Lewis Hamilton decision contradicted F1 director Michael Masi’s past quotes

Michael Masi’s decision to allow five cars between Max Verstappen and Lewis Hamilton to clear the way ahead of the final lap of the Abu Dhabi Grand Prix was in direct contradiction to his own stated rules on safety car procedures, it has been revealed.

What was effectively a sprint finish was won by the Red Bull racer as he overtook his Mercedes rival to claim a maiden Formula One championship, but the move was hugely controversial and has left Masi under enormous pressure.

Hamilton has been heard on his team radio claiming the outcome was “manipulated”, after the sudden change in directives.

The alteration was all the more jarring for the Brit as the FIA race director appeared to change his mind under pressure from the Red Bull camp.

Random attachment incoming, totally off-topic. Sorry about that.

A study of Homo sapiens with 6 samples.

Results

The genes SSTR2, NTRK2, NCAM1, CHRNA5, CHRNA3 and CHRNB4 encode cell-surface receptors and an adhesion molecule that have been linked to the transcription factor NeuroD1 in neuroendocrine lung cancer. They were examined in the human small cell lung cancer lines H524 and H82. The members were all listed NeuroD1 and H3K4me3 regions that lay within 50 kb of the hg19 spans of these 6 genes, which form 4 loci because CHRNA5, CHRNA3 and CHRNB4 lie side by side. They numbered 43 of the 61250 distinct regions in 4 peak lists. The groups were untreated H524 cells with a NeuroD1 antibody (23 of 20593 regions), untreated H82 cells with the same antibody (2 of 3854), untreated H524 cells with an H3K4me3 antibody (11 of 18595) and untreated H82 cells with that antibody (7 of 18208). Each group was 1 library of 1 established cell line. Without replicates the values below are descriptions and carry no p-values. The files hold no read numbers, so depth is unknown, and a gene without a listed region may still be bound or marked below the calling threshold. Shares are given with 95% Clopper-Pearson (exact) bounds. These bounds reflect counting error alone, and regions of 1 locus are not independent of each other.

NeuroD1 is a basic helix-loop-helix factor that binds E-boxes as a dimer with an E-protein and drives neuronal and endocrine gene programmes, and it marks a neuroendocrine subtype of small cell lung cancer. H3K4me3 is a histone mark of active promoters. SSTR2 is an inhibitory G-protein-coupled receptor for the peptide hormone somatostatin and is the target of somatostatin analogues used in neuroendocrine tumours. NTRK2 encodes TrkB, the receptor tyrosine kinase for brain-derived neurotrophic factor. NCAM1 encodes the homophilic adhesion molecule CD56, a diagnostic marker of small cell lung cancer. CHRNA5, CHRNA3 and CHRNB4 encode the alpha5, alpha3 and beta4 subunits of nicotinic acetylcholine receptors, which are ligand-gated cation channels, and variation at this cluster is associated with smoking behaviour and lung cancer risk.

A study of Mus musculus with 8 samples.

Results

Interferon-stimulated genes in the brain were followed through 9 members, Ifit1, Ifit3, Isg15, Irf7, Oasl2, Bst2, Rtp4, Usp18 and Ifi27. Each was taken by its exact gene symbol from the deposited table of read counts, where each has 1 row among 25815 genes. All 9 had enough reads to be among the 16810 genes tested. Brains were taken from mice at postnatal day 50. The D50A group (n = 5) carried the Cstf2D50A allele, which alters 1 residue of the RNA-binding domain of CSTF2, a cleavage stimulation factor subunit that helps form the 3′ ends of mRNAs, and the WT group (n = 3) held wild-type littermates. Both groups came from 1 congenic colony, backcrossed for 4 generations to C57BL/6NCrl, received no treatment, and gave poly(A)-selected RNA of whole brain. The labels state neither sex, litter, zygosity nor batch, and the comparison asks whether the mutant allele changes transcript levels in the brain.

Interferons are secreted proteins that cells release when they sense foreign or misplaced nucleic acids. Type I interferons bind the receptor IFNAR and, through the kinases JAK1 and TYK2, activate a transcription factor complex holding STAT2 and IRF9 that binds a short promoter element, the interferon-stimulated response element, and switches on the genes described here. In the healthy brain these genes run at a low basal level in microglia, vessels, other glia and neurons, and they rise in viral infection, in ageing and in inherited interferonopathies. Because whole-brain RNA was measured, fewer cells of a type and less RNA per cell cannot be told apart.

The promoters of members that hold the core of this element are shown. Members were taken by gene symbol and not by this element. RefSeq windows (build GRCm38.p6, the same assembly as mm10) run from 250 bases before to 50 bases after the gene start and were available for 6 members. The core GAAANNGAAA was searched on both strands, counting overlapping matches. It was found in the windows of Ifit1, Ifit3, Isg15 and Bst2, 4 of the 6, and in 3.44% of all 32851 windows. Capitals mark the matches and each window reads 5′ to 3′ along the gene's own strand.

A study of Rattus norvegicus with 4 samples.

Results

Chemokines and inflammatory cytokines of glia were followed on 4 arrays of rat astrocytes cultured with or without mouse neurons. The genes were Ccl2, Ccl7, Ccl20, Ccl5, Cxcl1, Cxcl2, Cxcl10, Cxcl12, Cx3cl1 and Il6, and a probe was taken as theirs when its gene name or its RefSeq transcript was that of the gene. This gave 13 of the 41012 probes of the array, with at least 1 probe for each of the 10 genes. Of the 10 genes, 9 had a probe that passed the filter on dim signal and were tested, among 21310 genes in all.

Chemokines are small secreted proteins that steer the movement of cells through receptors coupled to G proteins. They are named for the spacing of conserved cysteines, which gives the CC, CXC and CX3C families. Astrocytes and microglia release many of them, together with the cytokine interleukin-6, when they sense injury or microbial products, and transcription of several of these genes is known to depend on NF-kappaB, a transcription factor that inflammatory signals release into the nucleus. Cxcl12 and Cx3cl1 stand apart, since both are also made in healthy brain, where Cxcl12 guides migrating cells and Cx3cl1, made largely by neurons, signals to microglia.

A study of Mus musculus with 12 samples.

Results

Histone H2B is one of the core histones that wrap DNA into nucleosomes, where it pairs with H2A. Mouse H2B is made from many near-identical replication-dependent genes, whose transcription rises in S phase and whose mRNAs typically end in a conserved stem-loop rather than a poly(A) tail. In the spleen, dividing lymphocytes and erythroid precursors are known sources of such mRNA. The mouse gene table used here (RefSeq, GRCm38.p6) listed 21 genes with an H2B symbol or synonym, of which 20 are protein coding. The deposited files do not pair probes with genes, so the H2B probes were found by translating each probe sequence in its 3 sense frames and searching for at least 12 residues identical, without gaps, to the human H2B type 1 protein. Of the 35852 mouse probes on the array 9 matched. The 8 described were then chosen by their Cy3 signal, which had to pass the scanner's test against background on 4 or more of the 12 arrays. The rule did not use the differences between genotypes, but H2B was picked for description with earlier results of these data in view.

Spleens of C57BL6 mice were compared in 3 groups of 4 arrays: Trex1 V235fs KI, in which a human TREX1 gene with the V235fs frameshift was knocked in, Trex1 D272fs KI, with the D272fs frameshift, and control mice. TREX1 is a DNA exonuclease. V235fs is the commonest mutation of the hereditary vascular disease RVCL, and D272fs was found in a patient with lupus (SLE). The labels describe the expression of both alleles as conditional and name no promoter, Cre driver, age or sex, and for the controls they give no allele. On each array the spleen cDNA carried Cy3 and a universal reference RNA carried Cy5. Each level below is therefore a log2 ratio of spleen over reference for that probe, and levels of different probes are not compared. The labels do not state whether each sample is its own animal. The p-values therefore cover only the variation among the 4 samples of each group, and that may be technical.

Hamilton led by 11 seconds heading into the final 10 laps, but halfway through that final stretch a crash saw the safety car come into play. Verstappen then pitted for fresh tyres but still had several cars between himself and Hamilton, with Masi not letting the lapped racers past Hamilton – until he reversed his own decision, unlapping those between the two title rivals but not the rest of the field.


“There’s a requirement in the sporting regulations to wave all the lapped cars past,” he said at the time.

“From that point, it was position six onwards that were still running [on the lead lap], so between 10 or 11 cars had to unlap themselves.

“Therefore the safety car period was a bit longer than what we would have normally expected.”

Had that been the case in Abu Dhabi, and the safety car completed another full lap as usual before exiting, it would not have cleared the track ahead of the final lap – which would have left Hamilton cruising over the finish line in first place to win another championship of his own.

Somewhat predictably, the two team chiefs had opposing views on the incident too, which happened after Nicholas Lafiti crashed to see the safety car head out, with Toto Wolff labelling Masi’s call “unacceptable” and Mercedes protesting the race result – which his opposite number in the Red Bull camp, Christian Horner, said was a “desperate” reaction to defeat.